Bitcoin for Beginners
With less than a quarter of Americans using cash in their day-to-day purchases, it’s more evidence that society is becoming an increasingly cashless environment.
On the other hand, cryptocurrencies are growing in popularity. However, most users only hold crypto to save and invest.
So with digital coins like Bitcoin, Ether and Litecoin becoming increasingly popular, why aren’t we seeing more widespread adoption?
A majority of shoppers don’t see cryptocurrencies as a valid payment option, especially when it comes to physical purchases. To many, it’s too foreign a concept.
We grow up being taught the value of money and how to manage it. We are confident in its deemed value by being able to easily turn it into a tangible piece of paper or coin. When we want to exchange it for a product or service, there are no questions asked.
To take that mindset and change it, to trust and fully adopt a completely digital coin, can take some time.
Another big hurdle is getting merchants to accept digital currencies. It doesn’t help if people are willing to use cryptocurrencies in everyday payments but retailers won’t, or can’t, accept it.
The road to widespread adoption is a two-way street: payment and acceptance.
Big brands like Amazon, Microsoft and Apple are helping the cause by accepting and facilitating Bitcoin payments, but this is mostly for online transactions.
For physical in-store payments, merchants need the right infrastructure. This can be costly and time-consuming to implement. Not many businesses will risk this for a payment method that’s not seen mainstream adoption yet.
Cryptocurrency debit cards could bridge the gap between users feeling comfortable enough to use digital coins in their everyday lives, and merchants being able to accept them with existing infrastructure.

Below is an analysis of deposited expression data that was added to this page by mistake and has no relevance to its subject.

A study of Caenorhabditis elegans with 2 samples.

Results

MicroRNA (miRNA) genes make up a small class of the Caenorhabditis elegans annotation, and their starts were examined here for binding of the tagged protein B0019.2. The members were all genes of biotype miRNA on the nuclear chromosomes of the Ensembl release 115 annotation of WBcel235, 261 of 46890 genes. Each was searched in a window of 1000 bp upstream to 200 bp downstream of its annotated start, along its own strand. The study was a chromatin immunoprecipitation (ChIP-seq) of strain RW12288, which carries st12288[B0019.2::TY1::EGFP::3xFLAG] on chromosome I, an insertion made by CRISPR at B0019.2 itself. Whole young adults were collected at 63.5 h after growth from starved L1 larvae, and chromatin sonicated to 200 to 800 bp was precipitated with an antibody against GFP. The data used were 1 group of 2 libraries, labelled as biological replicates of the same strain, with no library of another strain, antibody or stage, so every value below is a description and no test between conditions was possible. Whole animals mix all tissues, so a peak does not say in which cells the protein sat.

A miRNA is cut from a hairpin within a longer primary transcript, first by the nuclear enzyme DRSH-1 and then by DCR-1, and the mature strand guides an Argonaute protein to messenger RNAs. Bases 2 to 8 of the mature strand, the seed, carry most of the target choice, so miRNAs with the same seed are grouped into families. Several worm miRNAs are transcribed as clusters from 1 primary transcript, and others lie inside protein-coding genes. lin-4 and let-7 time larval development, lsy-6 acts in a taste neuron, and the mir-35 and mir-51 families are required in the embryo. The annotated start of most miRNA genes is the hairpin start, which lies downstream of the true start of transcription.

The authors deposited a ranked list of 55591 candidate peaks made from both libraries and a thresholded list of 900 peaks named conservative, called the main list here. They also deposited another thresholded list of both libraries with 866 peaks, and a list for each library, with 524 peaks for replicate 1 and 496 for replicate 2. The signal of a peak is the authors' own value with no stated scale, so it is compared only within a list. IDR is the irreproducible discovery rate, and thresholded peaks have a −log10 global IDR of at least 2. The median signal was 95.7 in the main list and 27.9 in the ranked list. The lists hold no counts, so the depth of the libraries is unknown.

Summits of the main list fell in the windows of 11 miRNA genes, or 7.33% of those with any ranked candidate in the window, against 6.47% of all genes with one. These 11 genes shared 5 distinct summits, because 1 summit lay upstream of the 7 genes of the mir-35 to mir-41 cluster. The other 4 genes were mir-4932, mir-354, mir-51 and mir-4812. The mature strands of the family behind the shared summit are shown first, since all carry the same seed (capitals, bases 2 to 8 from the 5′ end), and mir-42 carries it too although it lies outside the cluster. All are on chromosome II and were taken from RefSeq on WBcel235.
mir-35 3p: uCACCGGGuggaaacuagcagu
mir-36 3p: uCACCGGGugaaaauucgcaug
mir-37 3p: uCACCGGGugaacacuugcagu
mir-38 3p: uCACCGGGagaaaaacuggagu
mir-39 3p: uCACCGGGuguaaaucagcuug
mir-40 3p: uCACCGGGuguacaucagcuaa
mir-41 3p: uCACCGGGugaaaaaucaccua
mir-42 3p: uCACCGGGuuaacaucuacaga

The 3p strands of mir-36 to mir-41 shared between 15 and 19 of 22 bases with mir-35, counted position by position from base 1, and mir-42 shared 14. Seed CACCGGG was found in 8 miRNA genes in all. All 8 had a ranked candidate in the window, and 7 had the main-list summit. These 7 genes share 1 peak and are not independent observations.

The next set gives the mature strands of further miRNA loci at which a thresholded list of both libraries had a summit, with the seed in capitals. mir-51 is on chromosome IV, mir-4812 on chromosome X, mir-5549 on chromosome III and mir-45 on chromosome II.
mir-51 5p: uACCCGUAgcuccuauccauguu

Most of us are happy to use a card to shop, this would not necessarily change if the card was connected to a Bitcoin account. It’s the payment method, not the underlying currency, which makes us feel at ease.
Both Visa and MasterCard have filed patents for transaction systems that use Blockchain technology, and have been experimenting with these types of payments for some time now.
The fact that established payment companies are getting on board means that existing infrastructure can be used without requiring additional work on the merchant’s end. The customer can therefore pay in a chosen cryptocurrency, while the merchant still receives payment in a fiat currency like Euro.
Opponents will often cite volatility as the number one reason for not seeing widespread adoption. It is true, cryptocurrencies can fluctuate wildly, but this is no different than what is happening to the price of fiat currencies.
Just look at what has happened to one of the world’s strongest currencies, the pound, in the last year as a result of changes in the political environment. Cryptocurrencies like Bitcoin and Ether are still young. It’s only a matter of time for them to settle into the market and for prices to stabilize.
Users are comfortable using their debit cards through current payment channels, and merchants have the right infrastructure to accept such payments. If existing payment gateways can continue to develop and facilitate crypto transactions, we will see a much wider adoption of cryptocurrencies in day-to-day life.
There are currently more than 30 crypto debit cards available from different providers.